Adverse Childhood Experiences Increase Risk of Substance Use

There’s a wave of substance use disorders that will be crashing over the nation during the next decade. Fueled by a rise in adverse childhood experiences, strengthened by the COVID-19 pandemic, this wave is something we cannot stop, but could potentially weaken. Getting ahead of it requires tough conversations, problem solving and a deeper understanding of what our children are going through. Now that life appears to be returning to some sort of normalcy, as most people are no longer isolating at home, can we talk about the kids?

Thousands of children had no escape from abuse and neglect during the last two years. With schools shut down during the first months of the pandemic, and then classrooms moving online, there was no place for these kids to find respite. Teachers and school officials are often the ones who first notice signs of neglect or abuse. They might see bruises on a child’s arm, catch them falling asleep in class or hear their hungry stomachs growl. Schools also offer children connections with safe adults who can help guide and protect them. Most interventions take place on school grounds, with counselors and trained professionals stepping in when needed.

With children logging into classrooms in their homes it has been difficult for teachers to see what might be going on. It is hard to get a good look at students through a screen and it is even harder to have serious conversations with children about possible abuse, especially if a suspected abuser is right there in the room with them. Emerging research suggests that parents experiencing social isolation are more verbally aggressive, neglectful and even more likely to physically punish their children, according to the National Library of Medicine.

Researchers from the health organization Kaiser Permanente and the Centers for Disease Control and Prevention conducted a study on the impacts adverse childhood experiences (ACE) have on an individual’s health and well-being as an adult. These experiences can include emotional, physical, and sexual abuse, divorce or substance use in the home, being left alone for long periods of time or not getting enough to eat. The ACE study found that children who experience abuse and neglect are more likely to develop chronic health problems, mental illness and substance use problems in adulthood.

A young girl sits beside a door in a hallway with her knees pulled up, arms folded and head down. She appears sad.

Impact of ACEs

More than 60% of adults surveyed in the Kaiser/CDC study reported they had experienced at least one adverse childhood experience before turning 18. Nearly one in six people reported they had experienced four or more ACEs. The study also determined that women and racial/ethnic minority groups were at greater risk for experiencing four or more types of ACEs. The estimated economic and social impact ACEs have on families, communities, and society totals hundreds of billions of dollars each year. These impacts include job loss, broken relationships, premature death, and substance abuse.

Research shows that children exposed to toxic stress, including parents engaging in domestic violence, drug use, and verbal abuse experience developmental delays, including problems with immune systems. Toxic stress can impact the brain, causing shortened attention spans, impulsive behaviors, poor decision-making skills, and the inability to cope with stress in a healthy way.  They also do not develop healthy coping skills, making them more likely to turn to substance use or other instant gratification behaviors to deal with adversity, sorrow, or negative emotions.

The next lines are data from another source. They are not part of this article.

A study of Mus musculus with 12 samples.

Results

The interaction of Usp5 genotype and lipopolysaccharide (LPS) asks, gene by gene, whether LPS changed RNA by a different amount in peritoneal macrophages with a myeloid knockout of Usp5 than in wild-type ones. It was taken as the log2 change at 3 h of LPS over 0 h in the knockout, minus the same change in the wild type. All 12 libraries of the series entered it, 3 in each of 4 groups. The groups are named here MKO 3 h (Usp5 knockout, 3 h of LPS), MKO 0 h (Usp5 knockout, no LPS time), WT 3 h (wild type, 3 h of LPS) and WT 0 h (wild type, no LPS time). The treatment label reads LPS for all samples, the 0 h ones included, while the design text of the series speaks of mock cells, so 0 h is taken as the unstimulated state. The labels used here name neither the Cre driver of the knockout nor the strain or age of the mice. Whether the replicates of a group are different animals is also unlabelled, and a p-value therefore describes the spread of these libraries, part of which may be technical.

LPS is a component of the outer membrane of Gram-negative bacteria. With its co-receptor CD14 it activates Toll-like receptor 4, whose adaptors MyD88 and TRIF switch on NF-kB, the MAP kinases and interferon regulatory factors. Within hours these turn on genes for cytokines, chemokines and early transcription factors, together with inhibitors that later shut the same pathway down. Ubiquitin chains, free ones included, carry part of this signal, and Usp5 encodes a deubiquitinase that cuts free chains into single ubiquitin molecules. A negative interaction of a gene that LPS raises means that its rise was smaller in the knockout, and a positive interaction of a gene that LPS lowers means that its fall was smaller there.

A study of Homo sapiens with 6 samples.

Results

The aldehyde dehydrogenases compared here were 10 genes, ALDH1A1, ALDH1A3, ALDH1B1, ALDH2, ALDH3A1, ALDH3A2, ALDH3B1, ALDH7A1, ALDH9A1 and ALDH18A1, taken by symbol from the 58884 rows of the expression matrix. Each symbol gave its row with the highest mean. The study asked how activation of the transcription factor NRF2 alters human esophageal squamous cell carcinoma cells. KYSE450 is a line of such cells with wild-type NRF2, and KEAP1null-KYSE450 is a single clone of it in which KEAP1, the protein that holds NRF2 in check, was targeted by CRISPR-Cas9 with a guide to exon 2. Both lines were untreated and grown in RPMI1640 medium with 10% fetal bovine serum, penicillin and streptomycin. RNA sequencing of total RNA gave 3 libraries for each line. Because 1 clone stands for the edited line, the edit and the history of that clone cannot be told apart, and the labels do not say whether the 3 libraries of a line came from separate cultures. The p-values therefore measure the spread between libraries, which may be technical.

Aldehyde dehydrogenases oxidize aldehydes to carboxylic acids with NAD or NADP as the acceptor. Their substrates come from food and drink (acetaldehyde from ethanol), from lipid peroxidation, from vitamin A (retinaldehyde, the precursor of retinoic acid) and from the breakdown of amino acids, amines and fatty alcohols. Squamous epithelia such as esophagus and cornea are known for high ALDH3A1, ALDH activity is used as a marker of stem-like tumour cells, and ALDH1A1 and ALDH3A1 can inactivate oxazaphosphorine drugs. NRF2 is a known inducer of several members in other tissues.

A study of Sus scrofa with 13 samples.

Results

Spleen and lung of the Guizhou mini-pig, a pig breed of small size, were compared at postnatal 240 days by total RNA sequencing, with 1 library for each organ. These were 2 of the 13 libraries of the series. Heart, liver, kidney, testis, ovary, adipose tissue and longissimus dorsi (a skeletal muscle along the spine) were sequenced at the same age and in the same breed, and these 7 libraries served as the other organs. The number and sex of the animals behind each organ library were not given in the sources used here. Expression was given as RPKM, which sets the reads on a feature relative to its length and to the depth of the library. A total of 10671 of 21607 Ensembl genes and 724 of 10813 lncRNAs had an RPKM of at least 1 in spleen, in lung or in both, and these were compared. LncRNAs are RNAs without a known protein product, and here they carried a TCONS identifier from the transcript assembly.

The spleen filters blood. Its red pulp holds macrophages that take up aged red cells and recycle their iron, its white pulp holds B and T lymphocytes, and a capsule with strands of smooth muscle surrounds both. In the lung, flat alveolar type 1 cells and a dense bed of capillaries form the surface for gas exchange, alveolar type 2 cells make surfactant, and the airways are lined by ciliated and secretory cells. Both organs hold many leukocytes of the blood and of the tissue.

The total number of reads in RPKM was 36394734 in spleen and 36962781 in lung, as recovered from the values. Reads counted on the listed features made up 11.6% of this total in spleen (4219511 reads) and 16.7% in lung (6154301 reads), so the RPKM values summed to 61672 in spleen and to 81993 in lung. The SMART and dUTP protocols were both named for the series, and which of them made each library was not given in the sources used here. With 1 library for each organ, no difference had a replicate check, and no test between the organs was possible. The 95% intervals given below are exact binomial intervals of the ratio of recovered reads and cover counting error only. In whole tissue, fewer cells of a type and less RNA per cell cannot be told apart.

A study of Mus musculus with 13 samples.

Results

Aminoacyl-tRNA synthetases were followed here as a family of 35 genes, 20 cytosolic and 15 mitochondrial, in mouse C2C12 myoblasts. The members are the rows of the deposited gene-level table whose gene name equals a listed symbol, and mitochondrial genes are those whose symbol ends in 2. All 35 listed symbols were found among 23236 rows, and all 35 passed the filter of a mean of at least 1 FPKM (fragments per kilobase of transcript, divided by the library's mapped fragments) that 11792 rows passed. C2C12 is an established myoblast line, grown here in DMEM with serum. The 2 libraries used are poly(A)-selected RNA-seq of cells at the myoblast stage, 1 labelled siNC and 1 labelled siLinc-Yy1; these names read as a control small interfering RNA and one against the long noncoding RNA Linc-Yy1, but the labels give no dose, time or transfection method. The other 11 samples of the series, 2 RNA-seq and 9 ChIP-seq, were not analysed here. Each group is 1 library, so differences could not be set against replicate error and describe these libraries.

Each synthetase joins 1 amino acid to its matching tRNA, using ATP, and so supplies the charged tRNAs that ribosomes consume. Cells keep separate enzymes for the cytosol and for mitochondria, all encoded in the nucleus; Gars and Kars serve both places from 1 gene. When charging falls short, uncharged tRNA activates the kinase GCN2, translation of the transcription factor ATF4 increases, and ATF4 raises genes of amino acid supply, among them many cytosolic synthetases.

Seven children of various sizes holding hands are silhouetted against a sunset in a field.

Preventing Adverse Childhood Experiences

The CDC created an ACEs prevention guide which outlines several strategies. The best way to prevent, or at least reduce, ACEs is by creating a stable, nurturing environment for children. Teachers, family members and friends can lessen immediate and long-term impacts of abuse by intervening as early as possible. Victim-centered services, family-centered treatment and mentoring programs are crucial. We must promote social norms that protect against violence and neglect. This includes providing treatment to parents who are dealing with an addiction to drugs or alcohol.

One of the ways we can all help ensure better long-term outcomes is by connecting kids to caring adults and activities. Schools are the best places for this, but not the only places. Caring adults can include teachers, coaches, neighbors or community volunteers. Participating in activities like sports, after school programs, clubs and hobbies helps ground children and exposes them to more positive experiences. This can buffer against parental absence or other problems at home.

List of steps to prevent adverse childhood experiences.

Landmark Recovery and other addiction treatment service providers are just one piece of the puzzle we can collectively solve to reduce adverse childhood experiences and give our kids a better start to life. The more we focus on changing norms, environment, and behaviors the better chances we have at creating brighter futures for the youngest members of our communities.

If you or someone you know can’t stop using drugs of alcohol give Landmark Recovery a call at 888-448-0302 and speak with an admissions specialist today about treatment options. We offer a variety of programs to meet every budget.